Today I have a floral design for Liane! It uses pink & white camellias with eucalyptus, yellow calla and ranunculas.
I also have a few tips on using primary colours with pastel colours & how to blend them all together. I received a request from Liane who lives in Brooklyn, New York asking if I could share how to display the above flowers.
She didn’t want to cut any of the stems and the design is to be placed into a 10” high white jug which is 8” across. The counter where the completed design is to reign is only 18” wide and there will be a mirror behind flowers.
Liane wasn’t sure if the bright sunshine yellow calla would work in with the pinks and whites of the camellia or was, she best to stick with the lemony ranunculas. Well after looking at the combinations, I say YES to both.
The stamens of the camellia are spring yellow and I always take colour lessons and tips offered up by Nature. Although the flowers aren’t real, the yellow centres are what Nature naturally produces, and works in beautifully with the yellow calla giving a bright vibrancy to the completed design.
However, if you are stuck and unsure, the mellow muted tones of the ranunculas give a wonderful softening effect connecting the bright yellow.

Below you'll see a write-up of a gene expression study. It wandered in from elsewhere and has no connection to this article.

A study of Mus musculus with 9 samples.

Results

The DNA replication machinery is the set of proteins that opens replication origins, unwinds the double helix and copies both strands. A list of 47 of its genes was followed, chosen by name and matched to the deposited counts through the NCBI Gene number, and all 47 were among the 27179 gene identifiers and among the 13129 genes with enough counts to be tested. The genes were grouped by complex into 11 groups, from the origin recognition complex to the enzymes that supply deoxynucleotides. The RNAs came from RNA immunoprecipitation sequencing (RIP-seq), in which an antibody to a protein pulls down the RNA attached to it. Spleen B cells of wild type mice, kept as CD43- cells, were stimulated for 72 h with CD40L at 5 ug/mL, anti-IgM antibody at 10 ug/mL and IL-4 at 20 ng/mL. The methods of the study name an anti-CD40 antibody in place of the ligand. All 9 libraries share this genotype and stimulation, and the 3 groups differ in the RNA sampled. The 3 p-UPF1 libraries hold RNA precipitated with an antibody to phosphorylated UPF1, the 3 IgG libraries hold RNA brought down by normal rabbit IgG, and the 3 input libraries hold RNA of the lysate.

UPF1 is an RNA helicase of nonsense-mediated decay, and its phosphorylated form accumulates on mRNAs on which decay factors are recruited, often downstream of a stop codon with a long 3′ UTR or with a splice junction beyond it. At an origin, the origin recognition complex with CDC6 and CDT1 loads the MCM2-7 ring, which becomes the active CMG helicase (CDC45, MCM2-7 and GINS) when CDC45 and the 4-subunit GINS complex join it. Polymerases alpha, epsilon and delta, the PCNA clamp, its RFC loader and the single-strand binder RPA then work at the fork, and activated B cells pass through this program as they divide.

TIP: when using bright primary colours like red, yellow or blue. The strength of the primary needs to be diffused with something large, medium and small in form along with shades tones and tints of that primary colour. Simply broken down, the primary component is the large bright bold yellow calla, softened, diffused and broken up thanks to the yellow filament lines in the stamens found in the camellias, blended out nicely with the muted softening tones of the rounded buttery lemon ranunculas. Design tip for construction when flowers are being place in front of a mirror – simply remember to ensure that the front is similar to the back or mirrors the front placements. The general rule of thumb for actual and visual balance when designing with flowers is to always remember the length of stems should be 1 & ½ times the height or width of the container, whichever is the greater.